Based on Microsoft Visual Studio - The Community Edition is completely free,
Since Visual Micro integrates into Microsoft Visual Studio, you will have all the benefits of this great IDE. The user interface is optimized for the needs of developers and allows a great variety of customization, like arranging windows as you need them. You can have multiple source windows, a project structure tree, serial monitor windows, compiler output etc. You can also customize fonts, menus, keyboard hotkeys etc.
Intellisense is of great help when programming.
Autosuggest looks at what you type and makes suggestions for function calls. You see all functions of a chosen class at a glance, for library code as well as for your own:
Intellisense observes your code while you write it and identifies errors immediately, just like a spell checker in your word processing program.
You don't have to compile and wade through the compiler's error output. Instead, you see your mistakes immediately, including explanations, and can correct them:
Writing code that works is fun, but finding bugs can be time consuming. However, every project beyond a few trivial lines will have bugs that are often hard to find.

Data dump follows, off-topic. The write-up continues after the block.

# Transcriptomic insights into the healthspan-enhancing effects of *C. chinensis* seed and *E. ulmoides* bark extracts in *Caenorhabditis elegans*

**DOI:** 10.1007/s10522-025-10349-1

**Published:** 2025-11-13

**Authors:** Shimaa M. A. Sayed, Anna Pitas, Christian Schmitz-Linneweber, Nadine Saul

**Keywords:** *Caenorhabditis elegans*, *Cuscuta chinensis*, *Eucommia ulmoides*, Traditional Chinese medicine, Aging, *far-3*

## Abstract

The Visual Micro Debugger helps you to track down bugs and to watch how your program works ( Read more). The Visual Micro Debugger works with all boards and does not require any special hardware or JTAG interfaces.
Breakpoints help you check how your code executes and comes in handy when you want to change anything to your hardware (sensors, motors...) without the running code disturbing you.
You can also set tracepoints that don't stop your code, but tell you which lines of code are passed.
You can also specify which text Visual Micro will show when a breakpoint is hit, this makes it easier to interpret the breakpoint messages.
The text in the output window can also contain expression values like the 'sensor voltage' in this example:
Breakpoints cannot only show static text, but also the values of your variables when the breakpoint was hit.
These valuable values will then be displayed in the special expression window:
You can't only watch variables, but also change them. This is a great way to check if your code works correctly and to simulate scenarios (e.g. sensor values) that are hard to create with the "real" hardware.